When Disney World introduced fans to the Rise of the Resistance ride, many felt they had been transported to a galaxy far, far away. Despite some logistical hiccups during the COVID era, the attraction has earned rave reviews from many Star Wars and theme park enthusiasts. However, it appears it may now be facing a legal challenge. Raven Sun Creative has sued Walt Disney Parks and Resorts on the grounds of patent infringement.
According to Florida Politics, Raven Sun Creative owns a patent for technology that coordinates videos with a vertical-moving trolley, allowing those who ride it to feel as though they are moving within the environment they see on the screen. Their lawsuit claims that Rise of the Resistance ride uses the same technology without permission. It alleges that in 2014, Raven Sun submitted a detailed proposal for the technology to Disney Imagineers but that Disney reportedly passed on the idea.
In March 2020, Raven Sun Creative contacted the company to inform them they had infringed on their patent. In November of that year, Disney eventually indicated that that it would not be paying for the alleged infringement. Ultimately, the situation led to this recent lawsuit, which was filed on November 9, 2021.
What Happens During The Rise Of The Resistance Ride
The aforementioned technology used in Rise of the Resistance doesn’t come into play until the end of the ride. However, t does mark one of the most thrilling moments in the lengthy immersive attraction, where the queue to board the ride makes up a significant part of the experience. The premise is as thrilling as fans might expect. Set at a Resistance base at the Black Spire Outpost, when guests -- cast as Resistance recruits -- join the line, they learn from a transmission from Rey that a group of Resistance agents, including Finn, are on a Star Destroyer on its way to the Batuu system. The base the recruits are at is no longer safe, and they must be transported to meet up with General Leia Organa.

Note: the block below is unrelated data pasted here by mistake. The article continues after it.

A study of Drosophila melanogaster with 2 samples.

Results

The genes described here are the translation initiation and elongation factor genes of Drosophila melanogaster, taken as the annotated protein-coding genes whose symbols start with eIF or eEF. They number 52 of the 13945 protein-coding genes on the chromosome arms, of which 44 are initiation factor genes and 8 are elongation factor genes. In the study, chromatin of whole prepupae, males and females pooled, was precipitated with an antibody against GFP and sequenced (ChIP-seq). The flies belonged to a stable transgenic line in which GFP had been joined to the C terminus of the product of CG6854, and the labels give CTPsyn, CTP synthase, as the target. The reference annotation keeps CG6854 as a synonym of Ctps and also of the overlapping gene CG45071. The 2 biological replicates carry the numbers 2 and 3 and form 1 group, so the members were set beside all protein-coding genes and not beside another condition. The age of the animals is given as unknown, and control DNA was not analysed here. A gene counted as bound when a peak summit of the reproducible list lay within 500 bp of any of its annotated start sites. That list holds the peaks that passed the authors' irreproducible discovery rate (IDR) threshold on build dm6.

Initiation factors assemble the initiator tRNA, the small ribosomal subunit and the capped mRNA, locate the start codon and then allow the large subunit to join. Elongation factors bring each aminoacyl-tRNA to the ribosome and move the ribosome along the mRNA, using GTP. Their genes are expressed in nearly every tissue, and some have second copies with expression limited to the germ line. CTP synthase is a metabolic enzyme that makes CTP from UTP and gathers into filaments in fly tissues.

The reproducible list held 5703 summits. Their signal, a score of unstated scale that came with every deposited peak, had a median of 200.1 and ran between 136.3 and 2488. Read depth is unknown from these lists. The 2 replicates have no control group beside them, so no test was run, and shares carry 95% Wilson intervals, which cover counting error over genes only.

Guests encounter many scenarios and set pieces that should be familiar to Star Wars devotees on their way to the ride itself. Via hologram and video screens, they encounter everyone from Poe Dameron and his X-wings to the Star Destroyer, where they are interrogated by Kylo Ren and General Hux about the location of the Resistance base. Then, after being rescued by fellow Resistance fighters, they’re led to a First Order Fleet Transport.
The ride itself takes guests on a thrilling escape to Batuu, with an R5 astromech droid and Lieutenant Bek leading the way. They evade capture by probe droids and stormtroopers, sneak past life-sized AT-ATs and make it to the Star Destroyer bridge, where they witness the Resistance fleet attacking the ship first-hand and narrowly escape Kylo Ren. After safely making it into escape pods, where the trolley-and-screen technology named in the lawsuit is utilized, they launch with a controlled drop. Through the attached video screens, guests watch as the pods fly over the Black Spire Outpost before making a crash landing. It’s almost like living through a mini Star-Wars movie:
Rise of the Resistance ride is one of the key Star Wars-themed attractions at Disney World. As of this writing, Raven Sun Creative and Disney have not yet reached a legal agreement regarding the patent. Be sure to check back here at CinemaBlend for updates on the situation as they arrive.